Omega 3

We need certain fats in our diet and these are called essential fats. Without them, many processes in our bodies would cease to function. As a result, our eye health also may also be affected. These 'essential fatty acids' as they are known (EFA's) are the components of fat. We cannot make them, so we must eat the right foods to obtain them from our diet.

They are crucial for cells, muscles, nerves and organs to work optimally. They are also needed to help regulate blood pressure, heart rate and blood clotting.

There are two types of EFAs - omega-3 fatty acids and omega-6 fatty acids. Studies have shown that omega-3 fatty acids, in particular, may be good for eye health.

Omega-3 fatty acids include docosahexaenoic acid (DHA), eicosapentaenoic acid (EPA) and alpha-linolenic acid (ALA).

How do Omega-3 Fatty Acids help the eyes?

Many ophthalmologists recommend a diet high in omega-3 fatty acids to reduce the risk of eye problems. Several studies suggest omega-3 fatty acids may help protect the eyes from various forms of degeneration.

Omega 3 (DHA, EPA and ALA) has also been approved by the European Food Standards Agency for various claims:
  • DHA contributes to the maintenance of normal vision
  • DHA contributes to maintenance of normal brain function
  • DHA maternal intake contributes to the normal development of the eye of the foetus and breastfed infants
  • DHA and EPA contribute to the maintenance of normal blood pressure
  • DHA and EPA contribute to the normal function of the heart
  • ALA contributes to the maintenance of normal blood cholesterol levels

How can I eat more Omega 3?

Try to eat more foods that are rich in omega-3 fatty acids and fewer that are high in omega-6 fatty acids.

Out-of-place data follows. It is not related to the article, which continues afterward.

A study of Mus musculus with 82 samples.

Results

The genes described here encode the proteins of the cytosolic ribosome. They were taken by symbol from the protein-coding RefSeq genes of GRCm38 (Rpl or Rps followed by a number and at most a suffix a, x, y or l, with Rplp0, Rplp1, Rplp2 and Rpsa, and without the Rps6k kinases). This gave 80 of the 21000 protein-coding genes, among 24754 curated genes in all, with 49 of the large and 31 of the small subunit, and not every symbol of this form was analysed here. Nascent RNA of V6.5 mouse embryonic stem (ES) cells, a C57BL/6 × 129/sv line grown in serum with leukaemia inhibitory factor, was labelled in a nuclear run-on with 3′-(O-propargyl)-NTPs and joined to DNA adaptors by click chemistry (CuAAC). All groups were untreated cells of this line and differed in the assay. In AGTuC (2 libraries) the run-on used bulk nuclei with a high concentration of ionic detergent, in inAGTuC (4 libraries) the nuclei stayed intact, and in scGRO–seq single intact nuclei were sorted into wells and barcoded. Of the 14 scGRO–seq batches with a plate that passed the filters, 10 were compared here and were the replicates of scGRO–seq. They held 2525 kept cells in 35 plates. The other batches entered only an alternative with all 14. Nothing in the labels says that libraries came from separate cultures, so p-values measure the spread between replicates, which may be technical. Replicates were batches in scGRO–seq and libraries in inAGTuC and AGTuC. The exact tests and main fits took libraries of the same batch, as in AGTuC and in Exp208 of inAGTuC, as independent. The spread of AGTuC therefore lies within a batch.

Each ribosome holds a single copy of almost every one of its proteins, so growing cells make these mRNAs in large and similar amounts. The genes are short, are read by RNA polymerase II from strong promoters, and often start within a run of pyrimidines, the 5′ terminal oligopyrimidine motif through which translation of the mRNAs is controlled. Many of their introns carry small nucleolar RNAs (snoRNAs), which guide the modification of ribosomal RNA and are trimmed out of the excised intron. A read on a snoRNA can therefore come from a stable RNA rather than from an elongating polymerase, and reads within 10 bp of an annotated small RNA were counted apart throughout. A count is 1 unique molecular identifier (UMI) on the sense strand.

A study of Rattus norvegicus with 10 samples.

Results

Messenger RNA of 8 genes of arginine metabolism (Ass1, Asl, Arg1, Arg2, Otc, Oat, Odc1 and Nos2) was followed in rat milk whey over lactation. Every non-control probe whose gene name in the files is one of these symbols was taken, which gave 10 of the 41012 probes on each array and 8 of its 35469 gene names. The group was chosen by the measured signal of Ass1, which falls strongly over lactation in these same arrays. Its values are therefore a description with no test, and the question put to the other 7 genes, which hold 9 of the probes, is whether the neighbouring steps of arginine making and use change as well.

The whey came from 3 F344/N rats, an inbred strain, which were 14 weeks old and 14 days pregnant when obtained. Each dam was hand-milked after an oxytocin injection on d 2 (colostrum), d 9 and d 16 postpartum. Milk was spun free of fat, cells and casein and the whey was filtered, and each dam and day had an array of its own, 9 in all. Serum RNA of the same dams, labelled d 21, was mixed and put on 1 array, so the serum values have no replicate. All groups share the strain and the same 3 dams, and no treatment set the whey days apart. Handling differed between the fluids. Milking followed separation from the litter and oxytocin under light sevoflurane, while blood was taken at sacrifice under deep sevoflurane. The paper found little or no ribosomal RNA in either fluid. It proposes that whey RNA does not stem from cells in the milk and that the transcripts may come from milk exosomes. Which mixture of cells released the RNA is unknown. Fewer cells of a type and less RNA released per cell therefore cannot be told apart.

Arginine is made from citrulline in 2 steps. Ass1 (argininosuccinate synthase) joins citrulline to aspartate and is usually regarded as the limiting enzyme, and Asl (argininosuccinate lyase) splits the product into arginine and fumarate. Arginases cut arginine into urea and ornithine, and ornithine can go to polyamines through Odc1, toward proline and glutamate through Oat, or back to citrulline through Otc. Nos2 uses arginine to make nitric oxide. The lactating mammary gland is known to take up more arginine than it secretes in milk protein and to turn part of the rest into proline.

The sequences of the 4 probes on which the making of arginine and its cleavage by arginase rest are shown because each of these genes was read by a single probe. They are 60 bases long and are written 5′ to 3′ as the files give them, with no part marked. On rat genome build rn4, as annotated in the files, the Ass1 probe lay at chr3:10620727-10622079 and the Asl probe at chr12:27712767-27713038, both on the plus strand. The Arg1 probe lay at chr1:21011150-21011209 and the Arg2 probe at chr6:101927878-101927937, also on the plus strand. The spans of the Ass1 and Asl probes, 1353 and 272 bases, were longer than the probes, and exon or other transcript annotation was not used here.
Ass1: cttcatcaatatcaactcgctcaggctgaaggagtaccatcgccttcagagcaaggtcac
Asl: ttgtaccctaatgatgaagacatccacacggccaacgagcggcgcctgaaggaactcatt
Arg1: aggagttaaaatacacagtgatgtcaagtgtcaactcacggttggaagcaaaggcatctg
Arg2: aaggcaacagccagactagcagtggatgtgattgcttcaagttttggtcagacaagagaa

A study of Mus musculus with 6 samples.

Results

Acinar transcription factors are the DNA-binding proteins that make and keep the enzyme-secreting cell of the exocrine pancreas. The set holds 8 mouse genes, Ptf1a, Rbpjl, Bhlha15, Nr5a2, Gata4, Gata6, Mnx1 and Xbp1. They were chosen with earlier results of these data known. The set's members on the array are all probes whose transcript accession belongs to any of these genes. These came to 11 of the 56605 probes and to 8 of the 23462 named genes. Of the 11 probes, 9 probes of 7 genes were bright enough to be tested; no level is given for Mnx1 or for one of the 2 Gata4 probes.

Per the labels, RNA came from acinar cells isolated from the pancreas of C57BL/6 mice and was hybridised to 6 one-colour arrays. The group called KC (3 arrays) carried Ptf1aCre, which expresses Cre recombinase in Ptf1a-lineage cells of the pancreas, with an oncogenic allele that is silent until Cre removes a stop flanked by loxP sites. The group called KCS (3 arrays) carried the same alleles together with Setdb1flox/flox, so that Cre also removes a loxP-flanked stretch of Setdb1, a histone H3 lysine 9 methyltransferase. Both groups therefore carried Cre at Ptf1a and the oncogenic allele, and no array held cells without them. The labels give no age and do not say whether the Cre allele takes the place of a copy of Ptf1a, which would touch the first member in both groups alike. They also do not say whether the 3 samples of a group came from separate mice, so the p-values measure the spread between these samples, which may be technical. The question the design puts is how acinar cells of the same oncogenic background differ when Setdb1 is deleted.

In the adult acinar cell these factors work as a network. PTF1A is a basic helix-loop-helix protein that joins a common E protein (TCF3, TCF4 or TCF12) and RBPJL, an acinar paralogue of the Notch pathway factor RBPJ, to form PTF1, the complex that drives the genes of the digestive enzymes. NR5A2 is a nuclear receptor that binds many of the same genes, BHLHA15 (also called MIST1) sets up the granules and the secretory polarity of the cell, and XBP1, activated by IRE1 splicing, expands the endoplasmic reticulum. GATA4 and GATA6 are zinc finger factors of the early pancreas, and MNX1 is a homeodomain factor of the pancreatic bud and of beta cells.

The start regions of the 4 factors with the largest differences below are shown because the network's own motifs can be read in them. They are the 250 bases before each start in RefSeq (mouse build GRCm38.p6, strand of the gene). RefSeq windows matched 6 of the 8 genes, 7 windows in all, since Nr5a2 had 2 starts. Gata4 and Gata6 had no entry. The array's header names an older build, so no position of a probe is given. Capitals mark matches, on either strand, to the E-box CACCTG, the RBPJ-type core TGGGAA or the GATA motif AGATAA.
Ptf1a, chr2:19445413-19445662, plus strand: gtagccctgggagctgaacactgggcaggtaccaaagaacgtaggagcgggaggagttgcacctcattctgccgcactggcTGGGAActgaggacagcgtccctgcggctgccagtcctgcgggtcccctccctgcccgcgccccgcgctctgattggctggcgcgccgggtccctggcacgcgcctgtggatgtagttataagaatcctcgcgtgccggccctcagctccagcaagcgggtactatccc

Omega-3 fatty acids are found in oily fish, which are high in both DHA and EPA. Examples include sardines, herring, salmon and tuna. Wild fish is better than "farmed" fish, due to lower levels of pollutants and chemicals.

If you dislike fish, two of our Viteyes supplements contain fish oils. These are available as capsules, and have no fishy aftertaste.

Other good sources of omega-3 fatty acids include flaxseeds, flaxseed oil, walnuts and dark green leafy vegetables. However, we cannot metabolise the ALA omega-3 fatty acids from these vegetarian sources as easily as the DHA and EPA omega-3 fatty acids found in fish.

To reduce your intake of omega-6s, avoid fried and highly processed foods. Many cooking oils, including sunflower oil and corn oil, are very high in omega-6 fatty acids. High cooking temperatures also create harmful trans-fatty acids, or "trans-fats."

Trans fats prevent the absorption of omega-3 fatty acids and may lead to a number of serious diseases, including cancer, heart disease, atherosclerosis (hardening of the arteries), high blood pressure, diabetes, obesity, arthritis and immune system disorders.

Top foods containing Omega-3 fatty acids (DHA and EPA):
FoodServing grams
Salmon, Atlantic(half fillet, grilled)3.89
Mackerel, Pacific(1 fillet, grilled)3.25
Sardine oil(1 tablespoon)2.83
Salmon, Chinook(half fillet, grilled)2.68
Cod liver oil(1 tablespoon)2.43
Salmon, pink(half fillet, grilled)1.6
Herring oil(1 tablespoon)1.43
Sardines, canned in oil(approx. 3 ounces)0.90
White tuna, canned in water(approx. 3 ounces)0.73

Source: National Agriculture Library, U.S. Dept. of Agriculture

In summary

  • Use cooking oils that are high in omega-3 fatty acids such as coconut or olive oil, which have much lower levels of omega-6 fatty acids.
  • Eat plenty of fish, fruits and vegetables.
  • Avoid hydrogenated oils (found in snacks such as crisps) and margarine.
  • Avoid fried foods and foods containing trans fats (fast food, frozen pies, pizzas, cakes, doughnuts, biscuits, chocolate, cereals).
  • Avoid cooking at high temperatures with olive oil, use coconut oil or coconut butter for roasting.
  • Limit your consumption of red meat.